Canning on a glass top stove is nerve-racking the first time you try. You think the glass is going to break and you might poison your family by not processing your jars correctly. Don't worry, canning on a glass top stove will yield you the same great results as your gas stove.
Choose the Right Cookware
It is necessary to maintain a constant even temperature throughout the canning process to safely preserve your food. These high temperatures for long periods of time pose a risk to glass cooking surfaces. If the heating element overheats the glass, it will crack. Choosing the right cookware will minimize the chance that the glass on your range will break. If the heat is distributed evenly across the pan your risk is reduced. This makes it necessary to use flat-bottom pans when you can on a glass top stove.
Metal pans facilitate the best heat transfer and will also help distribute heat properly. Aluminum or stainless steal pans are recommended. Older processors made from stoneware or cast iron are not recommended as they might reflect the heat back to the stove and crack the glass during processing.
Choose cookware with a diameter of no more than an inch larger than the heating element. Using a pan which is too large for the element could cause a burnout on the element.
The final criteria in choosing cookware is to make sure the maximum weight of the fully loaded canner does not exceed 50 pounds. Weight in excess of 50 pounds can cause the surface to crack.
Minimize Cooking Time
As it is not recommended to use your surface elements all day for canning purposes, try to minimize the amount of time your elements are heating. This will help to reduce wear and tear to your elements and reduce the amount of heat on your glass surface. Start with hot water and use a lid on your pan as you bring the water bath to a boil to help bring the water to boil in less time.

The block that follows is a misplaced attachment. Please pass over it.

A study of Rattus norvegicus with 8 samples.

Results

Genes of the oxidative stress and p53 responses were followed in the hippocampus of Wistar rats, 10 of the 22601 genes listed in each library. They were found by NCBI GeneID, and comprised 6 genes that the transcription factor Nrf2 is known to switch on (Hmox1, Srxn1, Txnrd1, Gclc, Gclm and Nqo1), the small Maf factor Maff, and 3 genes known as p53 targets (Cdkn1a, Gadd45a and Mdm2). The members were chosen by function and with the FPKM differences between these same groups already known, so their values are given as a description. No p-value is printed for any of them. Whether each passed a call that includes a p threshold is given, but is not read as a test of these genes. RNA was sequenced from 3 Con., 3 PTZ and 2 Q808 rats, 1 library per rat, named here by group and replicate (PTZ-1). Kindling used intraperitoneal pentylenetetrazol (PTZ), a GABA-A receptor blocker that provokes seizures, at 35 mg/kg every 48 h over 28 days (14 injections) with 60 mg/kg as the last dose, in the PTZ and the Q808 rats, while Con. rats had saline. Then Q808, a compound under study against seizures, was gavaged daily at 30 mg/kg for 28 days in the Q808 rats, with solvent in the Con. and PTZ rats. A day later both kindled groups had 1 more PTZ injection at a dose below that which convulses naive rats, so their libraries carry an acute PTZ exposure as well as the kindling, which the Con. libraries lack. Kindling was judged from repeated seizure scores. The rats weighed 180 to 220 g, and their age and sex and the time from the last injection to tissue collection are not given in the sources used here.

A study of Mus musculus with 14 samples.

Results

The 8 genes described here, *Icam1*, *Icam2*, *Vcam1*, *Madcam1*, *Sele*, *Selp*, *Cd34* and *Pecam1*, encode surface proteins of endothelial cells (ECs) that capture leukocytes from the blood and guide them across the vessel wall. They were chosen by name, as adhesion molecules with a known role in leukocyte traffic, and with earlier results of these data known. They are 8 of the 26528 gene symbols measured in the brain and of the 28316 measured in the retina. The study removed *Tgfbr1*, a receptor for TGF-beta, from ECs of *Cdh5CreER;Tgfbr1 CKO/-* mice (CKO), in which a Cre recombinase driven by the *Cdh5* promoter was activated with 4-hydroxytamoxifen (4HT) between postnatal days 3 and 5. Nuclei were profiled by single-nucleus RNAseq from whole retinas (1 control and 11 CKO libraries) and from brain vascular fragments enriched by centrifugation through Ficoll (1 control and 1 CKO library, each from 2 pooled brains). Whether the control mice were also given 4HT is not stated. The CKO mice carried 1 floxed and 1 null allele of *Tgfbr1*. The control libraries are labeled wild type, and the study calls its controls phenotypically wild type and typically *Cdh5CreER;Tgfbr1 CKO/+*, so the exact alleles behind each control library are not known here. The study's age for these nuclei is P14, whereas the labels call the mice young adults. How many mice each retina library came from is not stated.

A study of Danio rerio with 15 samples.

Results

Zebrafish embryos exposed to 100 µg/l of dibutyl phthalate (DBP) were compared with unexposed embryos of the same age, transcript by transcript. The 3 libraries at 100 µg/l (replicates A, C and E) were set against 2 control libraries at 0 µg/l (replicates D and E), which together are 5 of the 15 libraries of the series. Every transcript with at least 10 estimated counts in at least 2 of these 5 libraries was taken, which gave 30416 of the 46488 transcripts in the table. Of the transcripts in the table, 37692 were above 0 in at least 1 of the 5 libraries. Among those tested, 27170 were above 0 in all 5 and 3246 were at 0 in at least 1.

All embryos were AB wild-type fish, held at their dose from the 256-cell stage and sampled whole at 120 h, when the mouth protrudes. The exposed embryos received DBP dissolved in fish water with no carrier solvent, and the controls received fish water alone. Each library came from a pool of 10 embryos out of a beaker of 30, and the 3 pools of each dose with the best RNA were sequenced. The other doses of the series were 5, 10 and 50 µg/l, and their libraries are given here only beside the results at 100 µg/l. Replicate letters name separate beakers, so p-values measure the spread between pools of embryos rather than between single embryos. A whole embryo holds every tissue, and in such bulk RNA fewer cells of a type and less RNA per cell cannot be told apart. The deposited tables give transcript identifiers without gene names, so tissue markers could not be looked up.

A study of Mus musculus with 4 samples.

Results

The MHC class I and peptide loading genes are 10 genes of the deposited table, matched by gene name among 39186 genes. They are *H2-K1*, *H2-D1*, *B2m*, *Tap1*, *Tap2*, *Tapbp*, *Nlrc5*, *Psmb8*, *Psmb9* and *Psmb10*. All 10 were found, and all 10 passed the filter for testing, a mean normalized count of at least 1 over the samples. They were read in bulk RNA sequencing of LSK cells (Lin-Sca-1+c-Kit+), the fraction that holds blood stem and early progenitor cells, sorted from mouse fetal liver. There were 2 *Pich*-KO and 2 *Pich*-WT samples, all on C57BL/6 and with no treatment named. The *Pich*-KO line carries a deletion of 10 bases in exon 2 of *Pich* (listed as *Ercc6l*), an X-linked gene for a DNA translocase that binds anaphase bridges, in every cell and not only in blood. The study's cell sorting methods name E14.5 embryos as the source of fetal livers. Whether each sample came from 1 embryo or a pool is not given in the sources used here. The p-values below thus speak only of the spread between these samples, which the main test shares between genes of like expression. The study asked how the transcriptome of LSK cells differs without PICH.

Using the proper sized element also reduces cooking time. If the element you are using is too small for the canner, it may take too long to boil the water and over heat your glass surface causing it to break.
Know Your Stove
Many glass top ranges have built in limiters on them. This is what enables your heating elements to cycle on and off when the temperature gets to the point where it could break the glass. Don't confuse this with no heat on your processor. Most pressure canners don't register the difference in heat (pressure) when the element cycles down to prevent the glass from breaking. As long as the minimum temperature/pressure is maintained for the required time, your food should be safe to eat.
Follow Recommended Canning Techniques
It is important to follow cleanliness and food safe practices for all canning. Be sure you follow all directions on your recipe relating to cook times and processing times. These are necessary to eliminate bacteria in the food and to preserve it for its designated shelf life.